That’s a dramatic statement, I know. But I don’t think it’s a surprising development. At the end of the day, tech is about skills and applying them to a problem or opportunity. For great programmers, security analysts or project managers, gender shouldn’t play a role.
For women, this is empowering news. Knowing you’re in a field that pays for skills, and where hard-to-find skills are prized, means you can look for lateral moves into companies with good track records in career advancement for both genders. Although the economy may make moving difficult right now, women can still assess the market and determine the key skills they need to prepare for their next job.
Today, seven of the top 10 paying tech jobs require skills aimed at providing better real-time intelligence, or “Business Technology.” So, developing expertise in financial analysis, requirements planning and business communications can help tech professionals achieve long-term success.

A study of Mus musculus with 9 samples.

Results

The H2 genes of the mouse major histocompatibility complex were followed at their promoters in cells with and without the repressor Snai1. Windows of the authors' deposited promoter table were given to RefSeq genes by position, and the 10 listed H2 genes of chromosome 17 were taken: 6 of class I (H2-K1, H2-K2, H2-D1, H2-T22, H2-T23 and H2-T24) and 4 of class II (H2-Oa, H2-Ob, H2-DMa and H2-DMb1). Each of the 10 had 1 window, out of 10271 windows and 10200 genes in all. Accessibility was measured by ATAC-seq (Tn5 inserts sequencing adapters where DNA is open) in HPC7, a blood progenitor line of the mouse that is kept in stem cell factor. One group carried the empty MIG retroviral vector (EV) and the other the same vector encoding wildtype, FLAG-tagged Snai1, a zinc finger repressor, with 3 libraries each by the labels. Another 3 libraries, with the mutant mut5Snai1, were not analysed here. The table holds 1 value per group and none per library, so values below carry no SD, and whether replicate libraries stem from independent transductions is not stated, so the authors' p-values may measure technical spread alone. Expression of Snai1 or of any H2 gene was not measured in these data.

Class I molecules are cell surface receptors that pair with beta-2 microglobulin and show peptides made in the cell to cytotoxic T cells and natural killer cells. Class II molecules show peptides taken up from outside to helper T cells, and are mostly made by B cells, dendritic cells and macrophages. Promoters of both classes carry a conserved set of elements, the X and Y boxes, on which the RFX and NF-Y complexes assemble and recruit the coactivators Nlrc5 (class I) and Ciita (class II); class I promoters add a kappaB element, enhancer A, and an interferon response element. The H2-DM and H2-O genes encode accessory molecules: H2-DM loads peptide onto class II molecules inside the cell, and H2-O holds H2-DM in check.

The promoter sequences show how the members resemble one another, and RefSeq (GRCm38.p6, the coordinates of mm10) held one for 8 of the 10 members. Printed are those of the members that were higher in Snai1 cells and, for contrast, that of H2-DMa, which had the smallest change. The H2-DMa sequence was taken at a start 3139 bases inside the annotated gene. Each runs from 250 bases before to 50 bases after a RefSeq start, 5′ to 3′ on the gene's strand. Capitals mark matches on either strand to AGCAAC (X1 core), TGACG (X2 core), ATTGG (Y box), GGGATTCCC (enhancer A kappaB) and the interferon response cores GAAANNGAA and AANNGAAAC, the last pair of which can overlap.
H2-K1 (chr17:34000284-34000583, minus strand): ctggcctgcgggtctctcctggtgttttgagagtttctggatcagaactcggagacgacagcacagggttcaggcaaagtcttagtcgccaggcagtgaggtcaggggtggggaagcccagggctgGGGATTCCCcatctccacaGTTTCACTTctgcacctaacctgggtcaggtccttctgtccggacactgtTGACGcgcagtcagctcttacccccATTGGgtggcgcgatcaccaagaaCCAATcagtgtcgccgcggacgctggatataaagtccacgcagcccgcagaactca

From the employer’s point of view, paying for performance, and judging performance fairly, are critical. To attract and keep the best talent, organizations should ensure all employees are afforded equal opportunity to develop skills and participate in projects that broaden both their company knowledge and their visibility. If managers see a gender gap in pay or advancement, they should find out the reasons behind it – and fix it.
When companies choose to treat male and female professionals differently, they cede territory to the competition – because the rest of the tech world isn’t.
Enjoy this edition of the Dice Report.
Senior Vice President,
Chief Marketing Officer
* A single job posting may reflect more than one skill, location or type of position; therefore total figures for those attributes may be greater than total jobs posted.